The Economy of South Africans are expected to face major food shortages following days of violent unrest across two key provinces, as rioters upend supply chains by looting supermarkets and torching goods trucks.

Footage of empty or sparse grocery-store shelves has been a staple of local news reports since the weekend, while chains such as Shoprite Holdings Ltd.and Pick n Pay Stores Ltd. closed many outlets altogether. In parts of Durban, the coastal KwaZulu-Natal city at the center of the upheaval, long queues formed outside the few open food shops and basics such as bread and milk were in short supply.

“Food is going to be a problem because shops haven’t been open for three days and many with bulk storage have been looted,” according to various sources from Durban and Gauteng.

The unrest started as a protests against the arrest of former President Jacob Zuma, but soon degenerated into deadly and destructive rampages in KwaZulu-Natal and Gauteng, the economic hub. Rioters pilfered food, electronic goods and medical supplies from at least 800 stores, and retailers have lost an estimated 5 billion rand ($340 million) to date, according to the Consumer Goods Council of South Africa, an unprecedented amount.

The Beer Association of South Africa called for a state of emergency after two SABMiller Africa and Asia Pty. Ltd. depots in KwaZulu-Natal were looted and set alight and Heineken N.V.’s warehouse was ransacked.

“There is a fear that the other three remaining SAB facilities in the province will also be targeted,” Nicole Mirkin, spokeswoman for the Beer Association, said in a statement.

Over 600 retail and liquor stores have been damaged and in some cases destroyed, according to reports received by the industry body. Heineken, the world’s second largest brewer, is in talks to buy South African wine and spirits maker Distell Group Holdings Ltd, according to Bloomberg reports in May.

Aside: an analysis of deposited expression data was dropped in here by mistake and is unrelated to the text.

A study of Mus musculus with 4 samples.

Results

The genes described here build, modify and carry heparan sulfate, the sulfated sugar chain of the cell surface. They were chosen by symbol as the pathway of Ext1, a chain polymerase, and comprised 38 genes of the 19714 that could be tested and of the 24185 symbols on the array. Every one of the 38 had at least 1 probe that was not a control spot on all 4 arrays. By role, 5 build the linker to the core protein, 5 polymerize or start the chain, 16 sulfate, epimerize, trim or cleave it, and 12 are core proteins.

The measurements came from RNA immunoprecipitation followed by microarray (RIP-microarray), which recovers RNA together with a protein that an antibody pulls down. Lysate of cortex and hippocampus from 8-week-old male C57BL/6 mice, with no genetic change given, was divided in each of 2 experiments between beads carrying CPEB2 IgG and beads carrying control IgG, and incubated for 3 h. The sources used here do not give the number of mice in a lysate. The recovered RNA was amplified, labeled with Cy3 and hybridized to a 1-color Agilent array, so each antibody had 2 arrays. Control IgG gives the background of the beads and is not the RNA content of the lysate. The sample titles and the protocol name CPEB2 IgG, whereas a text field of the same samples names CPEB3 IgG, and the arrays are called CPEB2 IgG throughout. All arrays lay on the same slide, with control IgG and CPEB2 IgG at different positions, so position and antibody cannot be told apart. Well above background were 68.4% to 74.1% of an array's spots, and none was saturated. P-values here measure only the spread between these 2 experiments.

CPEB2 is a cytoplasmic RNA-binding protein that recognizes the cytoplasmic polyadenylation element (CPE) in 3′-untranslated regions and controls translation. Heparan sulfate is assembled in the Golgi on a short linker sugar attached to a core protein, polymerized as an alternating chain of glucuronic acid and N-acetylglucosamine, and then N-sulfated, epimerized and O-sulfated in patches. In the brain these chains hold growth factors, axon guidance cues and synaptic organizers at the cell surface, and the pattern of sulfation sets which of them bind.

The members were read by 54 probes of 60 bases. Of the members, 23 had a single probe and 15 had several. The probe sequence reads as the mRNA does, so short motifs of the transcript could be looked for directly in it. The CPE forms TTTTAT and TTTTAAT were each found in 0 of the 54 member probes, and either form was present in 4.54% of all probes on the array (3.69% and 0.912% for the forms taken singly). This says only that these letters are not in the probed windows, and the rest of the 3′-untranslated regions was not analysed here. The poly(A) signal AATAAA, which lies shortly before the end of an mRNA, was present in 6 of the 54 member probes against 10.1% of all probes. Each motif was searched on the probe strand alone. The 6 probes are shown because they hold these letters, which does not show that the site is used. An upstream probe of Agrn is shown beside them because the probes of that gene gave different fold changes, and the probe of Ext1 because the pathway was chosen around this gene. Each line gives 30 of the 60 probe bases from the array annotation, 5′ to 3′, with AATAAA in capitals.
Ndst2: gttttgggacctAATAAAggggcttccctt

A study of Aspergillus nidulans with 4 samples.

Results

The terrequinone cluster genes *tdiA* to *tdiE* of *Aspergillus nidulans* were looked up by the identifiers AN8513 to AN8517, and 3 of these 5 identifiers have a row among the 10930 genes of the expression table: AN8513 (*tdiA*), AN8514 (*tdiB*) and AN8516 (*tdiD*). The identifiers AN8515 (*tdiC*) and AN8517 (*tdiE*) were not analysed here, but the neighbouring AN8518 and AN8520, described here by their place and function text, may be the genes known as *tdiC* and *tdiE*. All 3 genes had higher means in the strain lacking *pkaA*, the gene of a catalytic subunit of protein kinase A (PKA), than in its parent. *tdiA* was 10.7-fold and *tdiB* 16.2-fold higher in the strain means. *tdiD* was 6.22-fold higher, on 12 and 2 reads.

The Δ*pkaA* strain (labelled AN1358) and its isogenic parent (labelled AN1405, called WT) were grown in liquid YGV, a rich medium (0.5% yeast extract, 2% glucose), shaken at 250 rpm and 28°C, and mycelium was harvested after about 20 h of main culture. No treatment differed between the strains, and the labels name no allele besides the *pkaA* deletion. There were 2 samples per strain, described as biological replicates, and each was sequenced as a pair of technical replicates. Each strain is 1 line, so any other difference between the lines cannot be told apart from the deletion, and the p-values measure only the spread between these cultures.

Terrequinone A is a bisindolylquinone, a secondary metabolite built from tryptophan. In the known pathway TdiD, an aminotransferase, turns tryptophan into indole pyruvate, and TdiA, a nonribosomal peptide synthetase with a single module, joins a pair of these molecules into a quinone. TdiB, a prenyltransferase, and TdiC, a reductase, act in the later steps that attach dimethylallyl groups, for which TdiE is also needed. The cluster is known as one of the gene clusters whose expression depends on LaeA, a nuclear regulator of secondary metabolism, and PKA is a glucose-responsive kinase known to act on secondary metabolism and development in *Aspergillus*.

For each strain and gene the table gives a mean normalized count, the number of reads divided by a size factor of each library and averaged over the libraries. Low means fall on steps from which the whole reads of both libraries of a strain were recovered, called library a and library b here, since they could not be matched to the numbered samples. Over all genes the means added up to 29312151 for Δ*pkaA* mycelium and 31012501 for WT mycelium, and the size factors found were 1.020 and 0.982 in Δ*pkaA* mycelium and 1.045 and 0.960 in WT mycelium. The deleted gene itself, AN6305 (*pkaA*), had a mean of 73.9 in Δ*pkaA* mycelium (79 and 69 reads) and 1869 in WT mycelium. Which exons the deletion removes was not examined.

Trucks Destroyed

More than 35 trucks have been destroyed, with a cost to logistics firms of at least 300 million rand and counting, the Road Freight Association estimates. That’s led to the closing of a key highway between Durban and Johannesburg, cutting off the flow of food and other essential goods from the country’s biggest port to its most populous city.

Citrus farmers are in mid-export season and are among those unable to harvest and transport their produce, Christo van der Rheede, executive director of AgriSA, said in an interview. Sugarcane fields have been razed and livestock stolen, and commitments on exports that bring in crucial foreign exchange and support jobs may not be met, he said.

“South Africans are very fortunate to receive fresh fruit, fresh meat, fresh vegetables on a daily basis,” he said. “If these supply chains are disrupted, there won’t be fresh produce in stores and people will have to rely on frozen supplies. But what do we do if we run out of that as well?”

The food crisis is developing more than 18 months into a coronavirus pandemic that’s led to a spike in hunger around the world. As many as 811 million people — about a 10th of the global population — were undernourished in 2020, the United Nations said in a report on Monday.

 Food inflation in the country hit 6.8% in May, the fastest pace in almost five years.

While the crisis may have its roots in support for Zuma, the scale of the outbreak has also been linked to years of poor government services and a record unemployment rate of 32.6%. South Africa is one of the most unequal countries in the world, underlying a high crime rate, and President Cyril Ramaphosa on Monday described the violence as “opportunistic acts of criminality, with groups of people instigating chaos merely as a cover for looting and theft.”

A small blessing is that the riots are localized in two specific provinces, but the problem will escalate if the violence spreads, said Van der Rheede. If that happens, the country’s entire food logistics network would be jeopardized.

“The last thing that we want is for South Africans to experience hunger, food shortages and starvation,” he said.